CA Customers Turn to FERC for Relief from Delivery Costs
El Paso Merchant Energy, an affiliate of El Paso Natural Gas, is
reaping "monopoly rents in excess of 7,000% higher than the just
and reasonable rate approved by the Commission for its regulated
sibling," Southern California Edison told the Federal Energy
Regulatory Commission last week.
To remedy this, FERC should act quickly on a complaint seeking
abrogation of the 1.22 Bcf/d transportation contract arrangement
between the pipeline and its affiliate, Edison said, citing the
rapid escalation in gas delivery costs to the Southern California
In light of the "extraordinary events in the California gas and
electricity markets," Edison urged FERC to "immediately consider
--- and grant" summary disposition of the complaint in which the
California Public Utilities Commission (CPUC) alleged that El Paso
Merchant was given "preferential treatment" by El Paso during the
open season for the capacity. The CPUC had sought summary
disposition of the complaint last August, but FERC has yet to act.
Since then, the average price of gas at El Paso's Southern
California Gas delivery points has increased from $6.13 (Aug. 13)
to $36.245/Mcf on Dec. 7, Edison told FERC. There were price quotes
as high as $53/Mcf last Thursday. "And as the Commission is
painfully aware, the California border price of natural gas is a
major force behind the astronomical increase in California
Given that San Juan Basin gas prices rose only to $9.150/Mcf
from $3.585/Mcf during the period ended Dec. 7, this means "the
value of El Paso capacity from the San Juan Basin to the California
border --- a significant portion of which is held by the pipeline's
affiliate [El Paso Merchant] --- has increased in value to almost
$27," the electric company said.
"And the current market value of the El Paso transportation held
by [El Paso Merchant] is over 7,000% higher than El Paso's 100%
load factor rate for firm transportation of approximately 38
cents," Edison estimated.
While at the outset of this complaint proceeding, "the
Commission may have viewed this.as a theoretical exercise in the
study of market power. Today's California energy market presents
the harsh reality of an abuse of that market power that can no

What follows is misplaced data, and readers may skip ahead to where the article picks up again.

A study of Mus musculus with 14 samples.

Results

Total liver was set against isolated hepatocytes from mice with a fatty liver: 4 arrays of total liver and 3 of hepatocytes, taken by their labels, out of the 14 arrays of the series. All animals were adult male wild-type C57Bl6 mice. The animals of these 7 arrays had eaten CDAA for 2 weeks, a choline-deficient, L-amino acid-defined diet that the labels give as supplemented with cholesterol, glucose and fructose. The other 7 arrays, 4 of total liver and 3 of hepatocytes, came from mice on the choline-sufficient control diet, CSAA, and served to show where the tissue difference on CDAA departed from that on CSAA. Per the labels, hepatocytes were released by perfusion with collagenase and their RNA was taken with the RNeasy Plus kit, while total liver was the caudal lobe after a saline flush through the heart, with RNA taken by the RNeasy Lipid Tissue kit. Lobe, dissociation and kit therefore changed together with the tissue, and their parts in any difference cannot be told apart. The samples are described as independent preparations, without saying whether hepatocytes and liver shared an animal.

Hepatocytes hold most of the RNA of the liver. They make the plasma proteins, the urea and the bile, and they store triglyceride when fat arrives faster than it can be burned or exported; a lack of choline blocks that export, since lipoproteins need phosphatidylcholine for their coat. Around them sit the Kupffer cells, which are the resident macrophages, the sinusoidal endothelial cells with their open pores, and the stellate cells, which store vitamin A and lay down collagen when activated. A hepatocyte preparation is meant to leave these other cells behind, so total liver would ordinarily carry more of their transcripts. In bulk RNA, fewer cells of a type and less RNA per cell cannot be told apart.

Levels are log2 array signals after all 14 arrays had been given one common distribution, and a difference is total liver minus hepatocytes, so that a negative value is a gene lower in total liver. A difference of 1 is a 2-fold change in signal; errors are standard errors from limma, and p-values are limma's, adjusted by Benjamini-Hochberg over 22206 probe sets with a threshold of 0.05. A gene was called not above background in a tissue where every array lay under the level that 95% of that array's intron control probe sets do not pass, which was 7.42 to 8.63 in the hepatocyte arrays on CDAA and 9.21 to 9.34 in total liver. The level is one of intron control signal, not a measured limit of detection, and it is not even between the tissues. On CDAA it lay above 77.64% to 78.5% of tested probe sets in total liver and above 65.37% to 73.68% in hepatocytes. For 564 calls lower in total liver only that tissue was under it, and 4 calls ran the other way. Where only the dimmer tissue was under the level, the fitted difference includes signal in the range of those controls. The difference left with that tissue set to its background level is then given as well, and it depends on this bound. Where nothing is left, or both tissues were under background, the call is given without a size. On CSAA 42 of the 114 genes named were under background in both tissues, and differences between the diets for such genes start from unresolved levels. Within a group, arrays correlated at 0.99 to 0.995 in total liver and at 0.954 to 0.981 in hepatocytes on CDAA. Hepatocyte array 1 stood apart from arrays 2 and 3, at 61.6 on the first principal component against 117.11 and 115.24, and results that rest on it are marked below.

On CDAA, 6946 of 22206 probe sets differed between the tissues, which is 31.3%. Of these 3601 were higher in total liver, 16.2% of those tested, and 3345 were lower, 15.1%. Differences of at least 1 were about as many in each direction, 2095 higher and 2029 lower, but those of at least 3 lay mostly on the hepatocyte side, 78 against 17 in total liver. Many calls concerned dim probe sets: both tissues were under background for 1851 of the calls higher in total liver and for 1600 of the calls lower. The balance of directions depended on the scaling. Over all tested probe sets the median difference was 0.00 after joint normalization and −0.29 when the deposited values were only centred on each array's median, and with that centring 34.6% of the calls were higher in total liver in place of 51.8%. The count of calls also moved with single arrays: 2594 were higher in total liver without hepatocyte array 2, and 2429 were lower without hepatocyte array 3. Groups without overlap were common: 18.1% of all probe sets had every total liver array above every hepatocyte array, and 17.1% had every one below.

longer be permitted to continue," Edison argued.
In the event FERC chooses not to act quickly on the CPUC
complaint, Edison asked the Commission in the alternative to
enforce a September order that directed El Paso Merchant to turn
over certain materials to the CPUC and other involved parties.
Edison contends El Paso Merchant has refused to comply with the
order, blocking resolution of the complaint.
While El Paso Merchant "drags out the process of resolving this
complaint, the escalating California border prices continue to
provide [it] with the opportunity to profit from arrangements that
are alleged in the complaint to be anticompetitive."
California Dairies Inc., a farmer-owned dairy cooperative with
five milk-processing plants in the state, also asked the Commission
to rule quickly on the CPUC complaint involving El Paso and its
"We believe that your positive action on this complaint holds
the best chance to influence a reduction in the gas price in the
near term," wrote Executive Vice President J.A. Gomes in a letter
last week to Chairman James J. Hoecker.
Gomes said California Dairies, which consumes 1,762,000
therms/month, has seen its gas costs increase from $670,000 in May
to $2.2 million in December, and it expects the costs to nearly
double to $4 million in January.
"This is a sixfold increase amounting to over $100,000 per day,"
he noted. "Since we cannot recover these costs in our product
prices, it puts our business in jeopardy. Further, I believe that
these gas prices will be a severe financial challenge for most
businesses and could result in an economic crisis for California,"
"We don't understand how increases of this magnitude can occur
in a 'competitive' natural gas market."